But if you wait until you are in your 70s, the premiums will be extremely high and you may be uninsurable due to health reasons. In 2005, a policy offering a $143 per day long-term care benefit for 5.5 years, with an inflation rider, cost a 55-year-old a national average of $1,877 a year, while the same policy had an annual premium of $2,003 for a 65-year-old and $2,604 for a 79-year-old.
So, the ideal time is probably in your 50s and 60s. One approach is to see how the premiums fit into your life and other obligations. If you have children who have not yet graduated from college, they will be your major concern. You should carry enough life insurance to see them through. But after your children, if any, are on their own, you might take the funds you were using to pay for life insurance premiums and use them to long-term care insurance premiums.
As with every insurance purchase, if you are considering long-term care insurance, you need to consult with a qualified professional to determine whether you can afford this type of coverage and whether the policy you are considering meets necessary standards. Long-term care insurance has attracted much media attention, and many insurance agents are now selling it. However, long-term care insurance is a complex product that should be approached with caution.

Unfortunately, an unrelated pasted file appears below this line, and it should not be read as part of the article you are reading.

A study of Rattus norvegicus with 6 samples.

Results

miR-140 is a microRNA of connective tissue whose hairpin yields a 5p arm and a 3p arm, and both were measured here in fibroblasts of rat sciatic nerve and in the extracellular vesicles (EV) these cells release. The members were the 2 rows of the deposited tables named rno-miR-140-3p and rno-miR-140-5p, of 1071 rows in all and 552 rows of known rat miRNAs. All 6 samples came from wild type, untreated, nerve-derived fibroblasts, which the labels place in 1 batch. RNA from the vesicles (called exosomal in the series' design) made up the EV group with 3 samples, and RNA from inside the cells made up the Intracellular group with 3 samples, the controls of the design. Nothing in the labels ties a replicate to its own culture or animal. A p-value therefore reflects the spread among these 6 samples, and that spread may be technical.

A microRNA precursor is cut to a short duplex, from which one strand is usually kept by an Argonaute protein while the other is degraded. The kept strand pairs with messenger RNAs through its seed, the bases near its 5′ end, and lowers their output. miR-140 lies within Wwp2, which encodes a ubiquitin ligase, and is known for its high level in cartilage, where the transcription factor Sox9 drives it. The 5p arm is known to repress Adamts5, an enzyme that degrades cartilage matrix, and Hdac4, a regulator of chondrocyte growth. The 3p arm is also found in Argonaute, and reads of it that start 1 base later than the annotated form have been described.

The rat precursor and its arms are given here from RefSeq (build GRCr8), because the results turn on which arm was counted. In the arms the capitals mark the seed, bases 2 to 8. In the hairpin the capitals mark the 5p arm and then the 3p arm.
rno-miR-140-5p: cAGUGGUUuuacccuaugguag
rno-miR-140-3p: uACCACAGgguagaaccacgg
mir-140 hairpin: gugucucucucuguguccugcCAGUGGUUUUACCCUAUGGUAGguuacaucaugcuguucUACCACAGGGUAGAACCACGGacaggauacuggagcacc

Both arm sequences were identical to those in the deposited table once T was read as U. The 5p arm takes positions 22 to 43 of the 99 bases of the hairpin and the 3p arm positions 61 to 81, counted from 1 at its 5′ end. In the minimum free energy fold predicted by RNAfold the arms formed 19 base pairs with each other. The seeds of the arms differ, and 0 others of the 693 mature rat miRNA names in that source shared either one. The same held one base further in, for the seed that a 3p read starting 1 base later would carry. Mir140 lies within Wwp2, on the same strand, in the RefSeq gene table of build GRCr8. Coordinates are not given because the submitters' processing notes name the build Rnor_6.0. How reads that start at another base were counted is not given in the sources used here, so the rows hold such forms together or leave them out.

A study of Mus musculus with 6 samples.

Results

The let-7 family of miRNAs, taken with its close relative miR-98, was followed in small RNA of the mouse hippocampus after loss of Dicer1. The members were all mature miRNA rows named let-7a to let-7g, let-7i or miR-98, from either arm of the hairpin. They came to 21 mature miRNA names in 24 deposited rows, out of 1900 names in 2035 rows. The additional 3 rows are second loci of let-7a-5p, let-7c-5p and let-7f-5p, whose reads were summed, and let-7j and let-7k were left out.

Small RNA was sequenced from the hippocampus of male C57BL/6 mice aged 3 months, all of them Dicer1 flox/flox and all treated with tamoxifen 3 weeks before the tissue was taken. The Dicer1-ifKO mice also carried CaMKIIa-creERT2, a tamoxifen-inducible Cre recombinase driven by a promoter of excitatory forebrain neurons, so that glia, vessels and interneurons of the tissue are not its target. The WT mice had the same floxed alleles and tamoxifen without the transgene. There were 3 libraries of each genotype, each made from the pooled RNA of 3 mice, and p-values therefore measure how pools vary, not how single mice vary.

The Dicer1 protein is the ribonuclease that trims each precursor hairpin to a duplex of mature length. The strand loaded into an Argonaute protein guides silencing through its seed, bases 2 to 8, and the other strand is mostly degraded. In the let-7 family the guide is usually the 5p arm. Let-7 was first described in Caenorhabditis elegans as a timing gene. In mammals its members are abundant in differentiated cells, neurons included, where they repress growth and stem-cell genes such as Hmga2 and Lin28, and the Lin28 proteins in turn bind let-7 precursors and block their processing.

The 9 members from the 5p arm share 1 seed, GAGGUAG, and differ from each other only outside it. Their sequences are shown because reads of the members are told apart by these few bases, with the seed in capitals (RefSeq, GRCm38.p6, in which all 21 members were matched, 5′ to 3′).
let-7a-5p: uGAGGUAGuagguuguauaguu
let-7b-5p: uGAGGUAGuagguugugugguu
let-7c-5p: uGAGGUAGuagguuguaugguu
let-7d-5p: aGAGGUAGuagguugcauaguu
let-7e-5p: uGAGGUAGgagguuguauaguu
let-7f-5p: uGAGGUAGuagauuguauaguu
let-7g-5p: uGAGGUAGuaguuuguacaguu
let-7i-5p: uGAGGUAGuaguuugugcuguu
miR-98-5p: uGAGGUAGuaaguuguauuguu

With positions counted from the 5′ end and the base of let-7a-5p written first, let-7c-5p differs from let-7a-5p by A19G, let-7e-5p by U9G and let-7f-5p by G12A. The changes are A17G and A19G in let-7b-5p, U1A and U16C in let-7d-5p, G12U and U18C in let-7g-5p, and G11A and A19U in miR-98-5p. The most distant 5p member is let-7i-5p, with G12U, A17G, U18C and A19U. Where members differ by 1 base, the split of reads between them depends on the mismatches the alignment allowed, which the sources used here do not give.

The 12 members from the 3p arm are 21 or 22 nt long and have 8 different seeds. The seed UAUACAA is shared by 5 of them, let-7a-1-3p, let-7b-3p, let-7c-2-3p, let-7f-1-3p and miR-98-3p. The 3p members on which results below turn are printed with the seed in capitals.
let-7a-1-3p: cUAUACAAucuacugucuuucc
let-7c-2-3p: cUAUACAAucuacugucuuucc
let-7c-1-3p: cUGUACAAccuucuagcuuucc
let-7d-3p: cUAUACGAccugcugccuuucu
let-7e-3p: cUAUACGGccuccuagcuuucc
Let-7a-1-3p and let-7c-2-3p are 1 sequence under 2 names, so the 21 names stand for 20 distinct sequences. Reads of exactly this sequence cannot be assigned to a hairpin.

Insurance agents and brokers selling long-term care insurance should be highly trained and know how to recommend the right coverage based on a client's finances and objectives. One factor to consider is whether the agent has a professional designation in providing advice about long-term care. However, recommendations from friends and other advisors are also very important because they will have personal knowledge of the experience and integrity of the people they recommend.
One professional designation is that offered by the Corporation for Long-Term Care Certification, Certified in Long-Term Care (CLTC). The Corporation for Long-Term Care was established by a founding member of the National Academy of Elder Law Attorneys, the country's premier legal organization addressing elder law issues, and is dedicated to training agents to solve clients' long-term care needs. Moreover, the Corporation for Long-Term Care Certification's program is third party, meaning that it is not affiliated with any insurance company or supported financially by the long-term care insurance industry. This is important because you will want an agent who represents a number of insurance carriers so you can choose from a variety of policies.
If you need assistance with Medicaid Planning, Estate Planning or other elder law matters call the offices of Fabisch Law, L.L.C. to set up a consultation with Rhode Island Elder Law Attorney Matthew Fabisch at 401-324-9344.